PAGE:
Targeted ad insertion

September 1, 2001


A recent collective bargaining agreement by AFTRA, the American Federation of Television and Radio Artists, now requires that union talent are paid additional fees when their on-air ad spots are also broadcast on the Web. These fees can increase the cost of a single ad by up to 300 percent, so the original question of “How can I make money Webcasting?” has taken on the new twist of “How can I afford it?” Ad insertion systems, which were originally an evolutionary step toward creating new revenue sources, are now in the spotlight as a means to manage these new fees.

Many vendors sell ad insertion systems, and each one works differently. The basic principal of operation is that advertisements from your on-air signal are replaced with a separate set of ads for your webcast audience. systems take ad replacement one step further, in that a separate set of ads can be sent to each individual listener. The ads are tailored to each listener based on their demographic. Because the system has information on each listener, both the broadcaster and advertisers have more detailed feedback on listening habits, which isn't available with non-targeted ad insertion systems. Also, because the advertisements are tailored to each listener's specific demographic, they are more effective.



delivers specific ads to individual listeners.


Unfortunately, targeted ad insertion systems require more effort on the part of the listener. The Web is inherently anonymous, and while this is good for privacy, it means the only way to get meaningful information about your listeners is to have them give it to you. The IP address of their network connection and the browser they are using are the only things a Web server knows for certain about a listener. While websites commonly use cookies to track browsing habits, cookies only store information on what someone does when they visit that site.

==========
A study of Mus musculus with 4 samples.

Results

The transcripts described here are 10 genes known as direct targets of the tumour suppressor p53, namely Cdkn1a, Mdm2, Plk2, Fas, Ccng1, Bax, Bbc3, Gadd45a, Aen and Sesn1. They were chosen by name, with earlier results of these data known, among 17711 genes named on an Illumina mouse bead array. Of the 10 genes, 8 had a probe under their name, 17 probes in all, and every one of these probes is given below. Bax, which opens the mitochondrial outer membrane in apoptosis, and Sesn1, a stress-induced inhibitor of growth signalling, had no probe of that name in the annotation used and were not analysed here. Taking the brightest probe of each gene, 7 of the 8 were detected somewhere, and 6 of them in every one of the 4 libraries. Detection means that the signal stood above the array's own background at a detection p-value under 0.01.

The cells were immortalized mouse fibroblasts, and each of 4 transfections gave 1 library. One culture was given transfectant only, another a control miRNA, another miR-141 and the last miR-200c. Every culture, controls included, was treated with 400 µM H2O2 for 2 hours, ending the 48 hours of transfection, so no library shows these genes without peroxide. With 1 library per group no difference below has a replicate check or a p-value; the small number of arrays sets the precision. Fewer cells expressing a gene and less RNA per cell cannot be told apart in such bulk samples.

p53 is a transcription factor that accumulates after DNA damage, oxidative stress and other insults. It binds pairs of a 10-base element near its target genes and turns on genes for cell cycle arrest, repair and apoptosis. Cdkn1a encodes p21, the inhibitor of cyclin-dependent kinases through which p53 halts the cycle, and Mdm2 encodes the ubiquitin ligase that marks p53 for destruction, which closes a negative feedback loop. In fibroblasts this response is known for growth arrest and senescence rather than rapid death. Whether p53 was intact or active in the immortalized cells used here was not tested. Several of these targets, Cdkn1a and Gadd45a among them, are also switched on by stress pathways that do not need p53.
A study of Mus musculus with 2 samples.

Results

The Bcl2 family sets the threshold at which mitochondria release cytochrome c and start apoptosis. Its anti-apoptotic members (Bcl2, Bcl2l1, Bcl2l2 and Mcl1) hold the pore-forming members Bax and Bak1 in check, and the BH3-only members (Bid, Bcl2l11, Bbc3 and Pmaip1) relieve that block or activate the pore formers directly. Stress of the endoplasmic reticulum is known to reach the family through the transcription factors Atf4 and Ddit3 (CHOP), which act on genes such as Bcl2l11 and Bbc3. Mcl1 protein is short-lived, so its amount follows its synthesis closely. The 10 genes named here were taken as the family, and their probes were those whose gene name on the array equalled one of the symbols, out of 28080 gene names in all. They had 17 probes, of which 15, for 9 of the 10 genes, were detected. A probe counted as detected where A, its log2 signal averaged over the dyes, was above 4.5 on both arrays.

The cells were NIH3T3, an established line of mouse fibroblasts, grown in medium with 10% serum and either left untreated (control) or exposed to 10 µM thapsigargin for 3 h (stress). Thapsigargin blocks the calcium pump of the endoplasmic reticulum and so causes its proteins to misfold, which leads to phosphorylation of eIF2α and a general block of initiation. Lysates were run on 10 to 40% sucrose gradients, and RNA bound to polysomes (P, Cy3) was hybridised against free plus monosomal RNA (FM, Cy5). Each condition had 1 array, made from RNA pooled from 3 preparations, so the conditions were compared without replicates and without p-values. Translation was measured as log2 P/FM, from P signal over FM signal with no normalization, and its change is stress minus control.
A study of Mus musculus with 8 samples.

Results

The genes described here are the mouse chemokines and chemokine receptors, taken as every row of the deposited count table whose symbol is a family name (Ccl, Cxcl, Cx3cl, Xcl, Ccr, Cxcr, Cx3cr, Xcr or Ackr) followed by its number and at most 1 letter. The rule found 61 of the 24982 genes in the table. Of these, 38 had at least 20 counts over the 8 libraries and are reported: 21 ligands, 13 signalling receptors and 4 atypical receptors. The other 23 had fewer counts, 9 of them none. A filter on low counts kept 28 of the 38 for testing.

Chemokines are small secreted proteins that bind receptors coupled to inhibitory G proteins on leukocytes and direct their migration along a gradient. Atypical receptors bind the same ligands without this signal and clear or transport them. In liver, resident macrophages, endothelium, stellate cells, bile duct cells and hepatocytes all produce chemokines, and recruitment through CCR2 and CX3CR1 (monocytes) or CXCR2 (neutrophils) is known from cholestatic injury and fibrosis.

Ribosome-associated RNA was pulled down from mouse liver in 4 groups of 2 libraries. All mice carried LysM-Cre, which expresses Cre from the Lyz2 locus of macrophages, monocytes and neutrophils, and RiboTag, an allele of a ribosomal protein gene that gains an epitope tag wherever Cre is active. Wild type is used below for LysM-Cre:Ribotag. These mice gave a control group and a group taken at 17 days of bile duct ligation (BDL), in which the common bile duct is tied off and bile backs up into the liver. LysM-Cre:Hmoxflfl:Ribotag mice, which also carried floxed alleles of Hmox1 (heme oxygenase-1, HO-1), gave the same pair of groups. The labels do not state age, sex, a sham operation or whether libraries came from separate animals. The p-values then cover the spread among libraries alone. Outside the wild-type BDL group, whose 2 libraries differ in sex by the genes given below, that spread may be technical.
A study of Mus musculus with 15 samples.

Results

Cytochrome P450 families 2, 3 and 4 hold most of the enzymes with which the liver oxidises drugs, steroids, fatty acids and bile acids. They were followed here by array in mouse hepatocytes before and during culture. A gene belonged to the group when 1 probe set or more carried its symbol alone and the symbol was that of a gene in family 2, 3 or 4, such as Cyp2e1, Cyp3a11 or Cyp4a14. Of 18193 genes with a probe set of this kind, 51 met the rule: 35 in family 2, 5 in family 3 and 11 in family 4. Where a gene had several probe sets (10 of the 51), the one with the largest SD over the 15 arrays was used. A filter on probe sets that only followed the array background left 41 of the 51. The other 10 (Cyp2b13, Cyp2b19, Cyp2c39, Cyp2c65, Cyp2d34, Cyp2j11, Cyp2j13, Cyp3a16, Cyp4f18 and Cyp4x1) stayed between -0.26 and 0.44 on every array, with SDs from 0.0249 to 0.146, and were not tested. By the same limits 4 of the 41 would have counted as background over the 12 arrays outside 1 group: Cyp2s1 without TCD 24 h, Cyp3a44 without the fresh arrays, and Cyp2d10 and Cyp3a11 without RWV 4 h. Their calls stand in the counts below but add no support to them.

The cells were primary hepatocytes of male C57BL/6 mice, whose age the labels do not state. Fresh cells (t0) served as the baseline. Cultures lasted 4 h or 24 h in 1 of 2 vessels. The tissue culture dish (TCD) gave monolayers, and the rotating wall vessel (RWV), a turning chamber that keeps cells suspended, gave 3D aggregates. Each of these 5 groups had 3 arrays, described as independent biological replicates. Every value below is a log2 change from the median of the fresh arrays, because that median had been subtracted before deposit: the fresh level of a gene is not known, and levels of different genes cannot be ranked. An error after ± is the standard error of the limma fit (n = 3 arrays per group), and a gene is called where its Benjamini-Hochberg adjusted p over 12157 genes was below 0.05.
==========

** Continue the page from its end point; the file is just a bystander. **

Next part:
At some point you must ask your listeners for information. This extra step usually happens the first time a listener clicks the listen link on your website. From there, they are prompted to enter information about themselves. Usually this is limited to their gender, age group, and zip code or other geographic information. In some vendor's systems, this initial step may also install additional client software.

Because ad insertion systems must interrupt the station audio with the inserted ads, the systems need additional mechanisms to make transitions as smooth as possible. Players always buffer a small amount of the audio before playing it to smooth over the bursty nature of the Internet. When a player switches between a live stream and an ad file somewhere on the network, there is normally some dead air while the ad file is buffered and before it starts playing. To address this problem, some vendor's systems include client software that pre-buffers ads while the live station audio is playing. In some systems, all the ads are downloaded and stored on the listener's computer entirely in advance. When the ad insertion system instructs the player to disconnect from the live stream and play the ad, the locally cached or pre-buffered ad starts playing immediately. In this way, the user suffers no interruption in audio when the inserted ad plays.


Ken Nosé is chief software architect of NeoSonic Industries, Cleveland.